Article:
May 3 2004
New figures raise public fears of a mumps epidemic by showing there were 370 confirmed cases of mumps in the first four months of 2001. This figure is almost an 800% increase on the total of recorded mumps cases for the whole of 2003.
Over 75% of cases have involved people between the ages of 15 and 24.
Mumps (or Epidemic parotitis) is a viral disease of humans. Prior to the development of vaccination, it was a common childhood disease worldwide, and is still a significant threat to health in the third world. It causes painful enlargement of the salivary or parotid glands.
The mumps are caused by a paramyxovirus, which is spread from person to person by saliva droplets or direct contact with articles that have been contaminated with infected saliva. The parotid glands (the salivary glands between the ear and the jaw) are usually involved. Children between the ages of 2 and 12 are most commonly infected, but the infection can occur in other age groups. In older people, other organs may become involved including the testes, the central nervous system, the pancreas, the prostate, the breasts, and other organs. The incubation period is usually 12 to 24 days.
MMR immunization (vaccine) protects against measles, mumps and rubella and should be given to children 15 months old. The vaccination is repeated in some locations between 4 to 6 years of age, or between 11 and 12 years of age if not previously given. See also immunizations - general overview.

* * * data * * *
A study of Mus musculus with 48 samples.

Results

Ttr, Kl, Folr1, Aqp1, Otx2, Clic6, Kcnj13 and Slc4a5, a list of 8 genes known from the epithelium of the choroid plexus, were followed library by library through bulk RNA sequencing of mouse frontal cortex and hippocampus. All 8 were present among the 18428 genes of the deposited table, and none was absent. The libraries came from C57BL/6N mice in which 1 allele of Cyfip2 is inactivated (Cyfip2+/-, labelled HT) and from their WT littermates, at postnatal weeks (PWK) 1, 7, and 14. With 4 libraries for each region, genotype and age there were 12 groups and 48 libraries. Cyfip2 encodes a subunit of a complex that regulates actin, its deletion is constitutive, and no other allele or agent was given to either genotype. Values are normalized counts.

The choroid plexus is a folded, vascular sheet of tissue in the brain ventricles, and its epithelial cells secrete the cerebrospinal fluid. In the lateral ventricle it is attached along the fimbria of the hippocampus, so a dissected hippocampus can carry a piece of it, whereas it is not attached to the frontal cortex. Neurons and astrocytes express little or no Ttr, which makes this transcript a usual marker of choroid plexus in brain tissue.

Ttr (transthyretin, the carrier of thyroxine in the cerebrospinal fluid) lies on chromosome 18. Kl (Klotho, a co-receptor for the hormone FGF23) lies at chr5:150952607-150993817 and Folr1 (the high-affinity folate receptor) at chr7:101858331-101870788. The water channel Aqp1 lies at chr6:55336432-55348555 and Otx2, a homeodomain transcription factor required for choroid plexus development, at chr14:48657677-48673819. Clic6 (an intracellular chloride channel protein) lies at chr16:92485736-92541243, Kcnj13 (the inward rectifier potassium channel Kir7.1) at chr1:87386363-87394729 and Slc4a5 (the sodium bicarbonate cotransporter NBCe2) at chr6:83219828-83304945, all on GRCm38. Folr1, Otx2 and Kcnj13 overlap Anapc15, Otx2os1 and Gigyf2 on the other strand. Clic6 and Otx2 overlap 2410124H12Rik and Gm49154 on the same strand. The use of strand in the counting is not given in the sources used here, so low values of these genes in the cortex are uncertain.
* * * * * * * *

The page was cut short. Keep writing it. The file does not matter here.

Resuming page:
There is no specific treatment for mumps. Symptoms may be relieved by the application of intermittent ice or heat to the affected neck area, acetaminophen - oral for pain relief (do not give aspirin to children with a viral illness because of the risk of Reye's syndrome). Warm salt water gargles, soft foods, and extra fluids may also help relieve symptoms.
Health minister Malcolm Chisholm said the figures stressed the importance for everyone to have the measles, mumps and rubella jag.
He said: "This is a matter of great concern. The main message from this is that people should get the injection."
While most people develop an immunity to the disease eventually, more than three-quarters of the cases across the country have been among people aged 15 to 24 with no immunity.
People born before 1988 did not get a routine vaccination to prevent mumps as this was only included when MMR was introduced.
Uptake levels for the vaccine dropped after a study suggested giving the MMR jab to babies could be linked to autism. But later studies have not been able to find a link and almost all the scientists behind the study have now withdrawn their support for the claim.
A spokesman for the British Medical Association today called for a mass immunisation programme and warned that further outbreaks will occur unless there is an increase in the uptake of the vaccine.